There are some around the team who believe that it is Kidd, more than Woodson, who has turned Anthony around. And while Anthony is quick to credit Woodson, he clearly respects Kidd greatly. The two talk every day, Kidd asking him what he sees and vice versa. The result, Anthony says, is like having "a third eye." Kidd also appears to function as something of an on-court therapist. "He'll talk to me during the game," Anthony says. "It's like, 'Melo, in this situation, don't worry about it, if you miss a shot, cool. If you ain't getting the ball, I know how to get you the ball, so don't sweat it.' And that's real helpful."
On the iPad, the clip ends. Before we part ways, I have two more questions for Carmelo. The first is about Koppelman's concern—that the team will hit a bad spell and he'll revert. Anthony assures me he will not, because losing "doesn't linger in our locker room" and "we've already had bad moments and don't get down." Everything he mentions, I notice, relates to his teammates, not himself.
Finally, I tell him about Gregory's harsh assessment of his performance. Anthony looks taken aback at first, then laughs. "I mean, what would you want me to do? I've never been a crybaby. I love physical games. The one thing I've learned about New York and the fans in New York is you're [only] as good as your last game, so regardless of what you do, you're not gonna be able to please everybody." Anthony pauses. "I don't know what to say, he's a cop!"
Head up Mulholland Drive in Los Angeles, wind your way along the canyon roads, and you'll eventually come to the home of Haralabos Voulgaris. Nestled in the Hollywood Hills, his neighborhood is the kind where every mansion has a Range Rover in front and a grandiose water feature in the back. It's the L.A. people who have never been to L.A. imagine.
Voulgaris is many things (the son of a Canadian businessman and gambler, a tournament poker player with more than $1 million in lifetime winnings, a former consultant to an NBA team), but he is foremost an NBA gambler—and a very successful one. His first big bet came in 1999 when, as a philosophy major at Manitoba University, he saved up $80,000 working as a skycap. He bet on the Lakers to win the title before the season, and when L.A. started the season slowly after acquiring Shaquille O'Neal, the bookmakers downgraded the team's odds. Voulgaris deemed it a rash overreaction. He laid down the rest of his $80K. When the Lakers won the following spring, he had his bankroll.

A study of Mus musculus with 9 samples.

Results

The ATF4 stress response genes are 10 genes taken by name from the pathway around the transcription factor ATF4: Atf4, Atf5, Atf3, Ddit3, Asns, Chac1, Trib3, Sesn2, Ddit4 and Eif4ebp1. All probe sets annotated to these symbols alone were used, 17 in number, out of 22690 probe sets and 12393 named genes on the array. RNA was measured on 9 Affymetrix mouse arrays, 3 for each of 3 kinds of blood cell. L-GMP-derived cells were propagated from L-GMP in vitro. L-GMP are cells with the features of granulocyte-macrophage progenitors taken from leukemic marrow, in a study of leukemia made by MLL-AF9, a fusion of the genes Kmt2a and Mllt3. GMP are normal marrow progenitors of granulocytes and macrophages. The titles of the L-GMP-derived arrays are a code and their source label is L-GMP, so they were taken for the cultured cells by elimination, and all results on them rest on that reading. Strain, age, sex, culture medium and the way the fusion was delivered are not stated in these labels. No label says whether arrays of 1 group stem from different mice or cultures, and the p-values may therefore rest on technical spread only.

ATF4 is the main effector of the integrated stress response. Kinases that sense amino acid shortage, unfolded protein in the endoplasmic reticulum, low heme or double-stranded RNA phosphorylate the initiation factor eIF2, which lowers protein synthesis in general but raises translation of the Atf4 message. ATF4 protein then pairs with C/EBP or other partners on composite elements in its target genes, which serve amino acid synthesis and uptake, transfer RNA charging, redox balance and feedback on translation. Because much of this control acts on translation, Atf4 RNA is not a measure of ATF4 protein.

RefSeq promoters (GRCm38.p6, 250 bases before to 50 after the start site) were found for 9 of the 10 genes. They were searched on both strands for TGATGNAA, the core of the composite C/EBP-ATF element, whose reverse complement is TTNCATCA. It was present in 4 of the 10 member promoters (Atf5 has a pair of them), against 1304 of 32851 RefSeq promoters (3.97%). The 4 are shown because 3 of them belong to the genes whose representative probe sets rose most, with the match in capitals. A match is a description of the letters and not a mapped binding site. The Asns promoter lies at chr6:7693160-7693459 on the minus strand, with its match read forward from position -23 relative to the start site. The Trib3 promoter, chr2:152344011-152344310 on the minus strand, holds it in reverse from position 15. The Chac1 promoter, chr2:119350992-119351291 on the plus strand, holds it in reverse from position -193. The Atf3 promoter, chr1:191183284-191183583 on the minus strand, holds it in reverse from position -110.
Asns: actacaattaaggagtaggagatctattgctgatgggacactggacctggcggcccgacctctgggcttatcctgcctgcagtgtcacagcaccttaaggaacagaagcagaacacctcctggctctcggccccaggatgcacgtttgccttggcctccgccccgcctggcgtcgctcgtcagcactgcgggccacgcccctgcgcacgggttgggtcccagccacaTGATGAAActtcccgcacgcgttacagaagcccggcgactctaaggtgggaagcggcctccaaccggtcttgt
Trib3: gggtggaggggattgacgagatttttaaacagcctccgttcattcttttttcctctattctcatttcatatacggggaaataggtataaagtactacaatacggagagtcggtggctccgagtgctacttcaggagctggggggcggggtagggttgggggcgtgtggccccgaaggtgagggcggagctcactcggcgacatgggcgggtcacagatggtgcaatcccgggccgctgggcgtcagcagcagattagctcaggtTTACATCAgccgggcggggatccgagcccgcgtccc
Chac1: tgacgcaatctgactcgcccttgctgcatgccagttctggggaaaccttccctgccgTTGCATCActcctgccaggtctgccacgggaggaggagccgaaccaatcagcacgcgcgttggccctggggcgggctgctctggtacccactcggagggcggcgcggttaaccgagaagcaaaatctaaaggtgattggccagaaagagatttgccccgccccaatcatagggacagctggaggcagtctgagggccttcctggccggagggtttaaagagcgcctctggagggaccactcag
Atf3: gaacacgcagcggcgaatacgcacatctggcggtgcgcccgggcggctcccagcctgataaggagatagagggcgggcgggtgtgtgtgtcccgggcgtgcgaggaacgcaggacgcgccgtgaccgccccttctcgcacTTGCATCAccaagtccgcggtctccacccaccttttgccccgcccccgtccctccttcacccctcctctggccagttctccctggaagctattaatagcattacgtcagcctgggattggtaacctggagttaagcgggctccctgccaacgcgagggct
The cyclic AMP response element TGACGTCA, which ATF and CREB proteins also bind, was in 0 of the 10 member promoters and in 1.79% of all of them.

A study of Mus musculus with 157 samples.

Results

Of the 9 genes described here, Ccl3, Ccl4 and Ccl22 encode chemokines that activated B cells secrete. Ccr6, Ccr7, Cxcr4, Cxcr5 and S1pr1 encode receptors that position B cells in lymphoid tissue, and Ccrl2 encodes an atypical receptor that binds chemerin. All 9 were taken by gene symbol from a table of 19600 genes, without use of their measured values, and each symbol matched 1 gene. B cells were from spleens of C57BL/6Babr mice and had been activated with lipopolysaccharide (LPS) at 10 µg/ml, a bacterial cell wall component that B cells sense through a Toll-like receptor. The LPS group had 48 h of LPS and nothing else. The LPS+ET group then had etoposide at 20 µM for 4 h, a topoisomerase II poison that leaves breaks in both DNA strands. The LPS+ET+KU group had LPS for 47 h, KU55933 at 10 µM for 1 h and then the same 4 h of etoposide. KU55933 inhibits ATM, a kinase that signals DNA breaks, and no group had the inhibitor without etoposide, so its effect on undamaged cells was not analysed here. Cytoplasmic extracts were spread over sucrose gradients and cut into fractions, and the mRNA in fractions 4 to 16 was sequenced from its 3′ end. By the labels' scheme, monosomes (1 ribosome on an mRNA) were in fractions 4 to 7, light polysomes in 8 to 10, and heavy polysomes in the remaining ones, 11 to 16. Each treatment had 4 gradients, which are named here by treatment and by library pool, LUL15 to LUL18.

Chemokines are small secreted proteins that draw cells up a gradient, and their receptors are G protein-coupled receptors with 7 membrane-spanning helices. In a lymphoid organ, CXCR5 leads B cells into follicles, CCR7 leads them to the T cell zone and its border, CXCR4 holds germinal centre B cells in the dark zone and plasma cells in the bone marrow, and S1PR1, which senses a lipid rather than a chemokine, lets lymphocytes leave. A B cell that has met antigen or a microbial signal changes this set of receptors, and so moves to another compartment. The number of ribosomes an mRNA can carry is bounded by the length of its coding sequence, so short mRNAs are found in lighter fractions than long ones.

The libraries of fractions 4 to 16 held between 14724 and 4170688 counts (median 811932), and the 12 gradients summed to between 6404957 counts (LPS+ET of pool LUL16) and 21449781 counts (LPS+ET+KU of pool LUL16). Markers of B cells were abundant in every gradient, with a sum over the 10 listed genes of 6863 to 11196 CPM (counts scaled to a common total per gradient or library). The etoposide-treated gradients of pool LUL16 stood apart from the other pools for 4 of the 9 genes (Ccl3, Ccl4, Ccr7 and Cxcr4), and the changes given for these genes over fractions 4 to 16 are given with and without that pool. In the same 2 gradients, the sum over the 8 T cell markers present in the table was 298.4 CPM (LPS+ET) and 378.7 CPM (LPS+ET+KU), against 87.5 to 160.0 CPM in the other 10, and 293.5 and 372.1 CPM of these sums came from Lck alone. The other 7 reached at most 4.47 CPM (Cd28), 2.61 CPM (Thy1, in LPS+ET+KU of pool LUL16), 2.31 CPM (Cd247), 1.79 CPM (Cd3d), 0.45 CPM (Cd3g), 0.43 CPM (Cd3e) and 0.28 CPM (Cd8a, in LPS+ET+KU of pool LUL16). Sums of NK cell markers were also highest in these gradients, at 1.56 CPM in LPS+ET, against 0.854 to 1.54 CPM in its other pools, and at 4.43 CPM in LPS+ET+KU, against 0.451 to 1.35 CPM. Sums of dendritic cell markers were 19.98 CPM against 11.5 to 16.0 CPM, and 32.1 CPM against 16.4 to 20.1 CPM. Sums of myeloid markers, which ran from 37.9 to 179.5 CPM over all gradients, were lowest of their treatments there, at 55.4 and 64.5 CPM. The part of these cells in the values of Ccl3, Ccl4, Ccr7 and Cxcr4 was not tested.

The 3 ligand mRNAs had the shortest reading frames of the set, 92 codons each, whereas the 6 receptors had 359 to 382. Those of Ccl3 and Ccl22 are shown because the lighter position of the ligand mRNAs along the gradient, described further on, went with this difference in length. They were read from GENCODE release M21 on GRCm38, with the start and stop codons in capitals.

These days Voulgaris, who is 37, wiry and handsome in a coolest-guy-at-the-Apple-Genius-Bar way, relies less on intuition and more on data. Over the past five years, with the help of a staff of five, he has created and honed a vast statistical database that uses information from the last 12 NBA seasons to determine the value of every player in the league. The system is not reactive, like most player rankings, but predictive. Voulgaris's goal, after all, is purely financial: to beat the betting line. (He says NBA teams have tried to buy the system from him.) To inform his bets, he spends seven nights a week watching every NBA game, looking for tendencies and anomalies. On the subject of Carmelo Anthony, he may be as close to an objective arbiter as one can find.
I visited Voulgaris on a recent January evening at his gated home, where he lives with his Jack Russell terrier, Coltrane. We sat in the living room facing two media towers, each of which held three flat-screen TVs. A seventh, larger flat screen was in the middle. The Knicks were playing the Spurs, and Voulgaris, though wary of too much publicity—he was recently featured in Nate Silver's book The Signal and the Noise—had agreed to discuss Anthony, whom he finds fascinating.
As it turns out, Voulgaris is a big fan of Carmelo's, though not for the reason you might think. "We've made more money on the Knicks this season than on any other team," he explains. (Voulgaris asked me not to print any figures, but based on the results he showed me, I can confirm that it is indeed a large sum of money.) You see, when Anthony doesn't play, Voulgaris bets big.